Introduction to Health Services Research and Evaluation is open courseware provided without charge to the public by the Johns Hopkins Bloomberg School of Public Health. This open course has four units and 15 lessons whose purpose is to teach the basic concepts of research and evaluation in health care, particularly related to policy development. Most lessons contain a lecture (no audio), reading assignments, and individual exercises with answers. There are four learning labs that could be completed by a small group. The instructors of this course are Jonathan P. Weiner, Lynda C. Burton, and Elizabeth A. Skinner.
Introduction to Health Services Research and Evaluation is a text-based course which contains a syllabus, schedule, and lessons. No audio or video is used in the course. There are reading assignments and an individual activity (self assessment) in each lesson.
Key words include the following: research, program evaluation, health policy, research design, reliability and validity of measurement tools, cost benefit, and cost-effectiveness analysis
Type of Material:
Introduction to Health Services Research and Evaluation is a sequentially organized course that contains readings and activities to meet specific instructional objectives.
Students who use this course need to be motivated to learn research and program evaluation without having interaction with teachers or other students. It is definitely designed as an independent study. Faculty members in higher education could link to the site to use individual assignments or group activities (called labs in the course.
The technical requirements include access to the Internet, and use of a browser such as Internet Explorer or Foxfire, and Adobe Reader.
Identify Major Learning Goals:
The instructors identified two overall learning goals for the course which are cited below:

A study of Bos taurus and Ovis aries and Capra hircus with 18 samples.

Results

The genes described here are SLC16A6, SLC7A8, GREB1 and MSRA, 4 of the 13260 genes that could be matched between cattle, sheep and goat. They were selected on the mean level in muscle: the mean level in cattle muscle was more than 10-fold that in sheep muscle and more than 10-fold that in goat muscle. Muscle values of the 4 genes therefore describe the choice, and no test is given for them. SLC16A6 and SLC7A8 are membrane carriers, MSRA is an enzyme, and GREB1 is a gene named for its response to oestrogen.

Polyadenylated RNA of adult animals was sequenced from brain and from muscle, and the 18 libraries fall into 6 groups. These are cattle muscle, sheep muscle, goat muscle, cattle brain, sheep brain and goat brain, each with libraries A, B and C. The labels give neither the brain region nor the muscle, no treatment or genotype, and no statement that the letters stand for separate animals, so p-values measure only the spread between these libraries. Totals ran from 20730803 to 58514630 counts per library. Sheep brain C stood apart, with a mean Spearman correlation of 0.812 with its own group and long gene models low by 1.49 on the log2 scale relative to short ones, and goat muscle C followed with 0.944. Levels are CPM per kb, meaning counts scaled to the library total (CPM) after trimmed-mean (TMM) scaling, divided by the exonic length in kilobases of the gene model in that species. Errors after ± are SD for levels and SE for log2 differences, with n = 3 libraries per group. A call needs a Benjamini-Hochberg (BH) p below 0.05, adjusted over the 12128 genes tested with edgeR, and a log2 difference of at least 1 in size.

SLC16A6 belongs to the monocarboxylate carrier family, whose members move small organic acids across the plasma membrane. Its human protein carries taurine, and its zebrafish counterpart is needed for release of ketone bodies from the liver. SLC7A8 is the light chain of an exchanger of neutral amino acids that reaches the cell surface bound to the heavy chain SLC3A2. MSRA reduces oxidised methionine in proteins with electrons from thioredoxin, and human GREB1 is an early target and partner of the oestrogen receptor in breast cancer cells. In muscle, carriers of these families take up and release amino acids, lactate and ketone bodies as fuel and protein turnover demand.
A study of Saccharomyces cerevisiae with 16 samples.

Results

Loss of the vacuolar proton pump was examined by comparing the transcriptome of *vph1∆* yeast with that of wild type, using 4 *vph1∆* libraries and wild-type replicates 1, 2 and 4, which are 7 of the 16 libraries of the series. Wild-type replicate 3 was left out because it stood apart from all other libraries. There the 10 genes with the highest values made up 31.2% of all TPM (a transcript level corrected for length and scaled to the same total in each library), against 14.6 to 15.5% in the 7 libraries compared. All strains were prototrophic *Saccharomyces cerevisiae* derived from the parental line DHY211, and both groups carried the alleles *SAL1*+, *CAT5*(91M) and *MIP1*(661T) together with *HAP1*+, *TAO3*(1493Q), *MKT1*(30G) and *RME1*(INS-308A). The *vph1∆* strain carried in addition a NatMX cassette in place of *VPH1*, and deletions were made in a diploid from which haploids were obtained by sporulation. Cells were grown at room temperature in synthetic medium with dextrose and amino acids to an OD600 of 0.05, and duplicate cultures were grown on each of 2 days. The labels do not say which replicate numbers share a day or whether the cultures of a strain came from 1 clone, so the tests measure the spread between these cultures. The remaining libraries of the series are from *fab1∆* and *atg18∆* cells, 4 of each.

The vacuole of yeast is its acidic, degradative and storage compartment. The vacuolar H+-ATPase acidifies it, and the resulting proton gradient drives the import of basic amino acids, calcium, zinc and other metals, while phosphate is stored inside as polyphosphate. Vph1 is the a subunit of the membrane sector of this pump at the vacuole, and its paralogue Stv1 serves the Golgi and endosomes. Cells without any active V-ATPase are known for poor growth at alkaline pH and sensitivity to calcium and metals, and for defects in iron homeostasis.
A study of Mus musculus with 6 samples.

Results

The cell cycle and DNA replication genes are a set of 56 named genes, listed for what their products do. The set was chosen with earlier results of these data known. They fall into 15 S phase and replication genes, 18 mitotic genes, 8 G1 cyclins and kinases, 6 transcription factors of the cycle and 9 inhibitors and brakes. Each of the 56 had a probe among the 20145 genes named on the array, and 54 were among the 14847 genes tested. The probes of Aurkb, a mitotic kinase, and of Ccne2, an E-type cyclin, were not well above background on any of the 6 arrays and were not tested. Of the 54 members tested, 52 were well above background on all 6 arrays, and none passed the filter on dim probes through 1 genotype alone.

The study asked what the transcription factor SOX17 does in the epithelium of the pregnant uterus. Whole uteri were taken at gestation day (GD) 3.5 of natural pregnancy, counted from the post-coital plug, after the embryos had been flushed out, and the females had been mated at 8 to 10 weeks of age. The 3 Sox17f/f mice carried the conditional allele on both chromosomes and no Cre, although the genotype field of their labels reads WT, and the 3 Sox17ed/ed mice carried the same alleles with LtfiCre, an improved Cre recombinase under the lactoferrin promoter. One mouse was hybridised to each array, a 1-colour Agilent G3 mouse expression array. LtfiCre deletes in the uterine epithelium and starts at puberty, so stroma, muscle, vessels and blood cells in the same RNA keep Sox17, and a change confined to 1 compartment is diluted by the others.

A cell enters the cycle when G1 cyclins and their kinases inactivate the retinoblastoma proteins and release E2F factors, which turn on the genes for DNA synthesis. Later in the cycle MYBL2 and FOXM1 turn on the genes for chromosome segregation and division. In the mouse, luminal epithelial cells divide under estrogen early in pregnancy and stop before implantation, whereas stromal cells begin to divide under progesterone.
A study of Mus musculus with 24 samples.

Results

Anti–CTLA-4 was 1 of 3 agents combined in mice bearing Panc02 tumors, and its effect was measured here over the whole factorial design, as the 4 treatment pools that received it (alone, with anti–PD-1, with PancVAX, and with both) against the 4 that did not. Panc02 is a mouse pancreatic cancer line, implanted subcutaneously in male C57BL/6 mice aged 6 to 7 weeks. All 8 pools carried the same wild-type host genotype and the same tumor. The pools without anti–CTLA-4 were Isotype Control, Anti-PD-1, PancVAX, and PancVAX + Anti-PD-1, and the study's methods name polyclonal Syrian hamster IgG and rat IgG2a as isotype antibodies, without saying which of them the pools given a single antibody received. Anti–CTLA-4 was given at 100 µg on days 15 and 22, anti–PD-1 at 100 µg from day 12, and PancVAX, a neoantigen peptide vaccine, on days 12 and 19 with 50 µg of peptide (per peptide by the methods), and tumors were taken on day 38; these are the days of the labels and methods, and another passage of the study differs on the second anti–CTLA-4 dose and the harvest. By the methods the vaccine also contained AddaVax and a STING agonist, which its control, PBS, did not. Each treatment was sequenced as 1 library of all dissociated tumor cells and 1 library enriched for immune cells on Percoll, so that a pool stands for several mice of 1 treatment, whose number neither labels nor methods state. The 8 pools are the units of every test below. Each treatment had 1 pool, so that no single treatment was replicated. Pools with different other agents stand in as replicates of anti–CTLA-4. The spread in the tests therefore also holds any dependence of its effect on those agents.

Critique published health services research and health program evaluations
Develop a design for a research or evaluation project.
Additionally, the instructors provided a learning goal for lessons in the course.
Target Student Population:
Undergraduate and graduate students in health-related fields are the target of this research class. This course would benefit students who will carrying out policy research or program impact evaluation within healthcare delivery systems.
Prerequisite Knowledge or Skills:
Student who take this course need to have some familiarity with the health care field.
Students need to have good reading comprehension skills because assignments include published research reports and published methods papers.
Students would learn more in the course by having already completed a statistics course.
Computer skills needed for this course are ability to navigate the Internet and locate reading assignments by following links or making an inter-library loan request at students home universities.
Evaluation and Observation
The content of the course is valid.
Concepts are logically presented, and the organization of the course is obvious to the reader.
The scope of the course is appropriate to meet the learning goals.
The lectures end abruptly with no summary of concepts.
There are few links to other Internet resources in the course that would provide opportunity to explore the topics further.
There is no opportunity for interaction with the content or with others.
Potential Effectiveness as a Teaching Tool
The purpose of the health services research and evaluation course is to teach basic concepts to students who independently use the course. The course achieves its purpose. The course could be used as a supplementary information resource for individuals studying research methods in healthcare.
Even though the course achieves its purpose, it lacks interesting graphics, audio, and video. Its presentation of concepts is text-based and dry. Student must be highly motivated to complete the course. Individuals wishing for an overview of healthcare research methods may find this site too involved for their needs.
Ease of Use for Both Students and Faculty
The course is presented in a familiar manner with navigation on the left side of the screen and content in the middle.
The site is easy to navigate.
The course design is clean and uncluttered.
All links work.
The text-focused, lengthy slide show format of the lectures may lack in delivery excitement.
Other Issues and Comments:
This site is very accessible as far as file format and need for advanced software or computer functionality; however, it may be too in depth for the needs of individuals not already versed in research methods and terminology.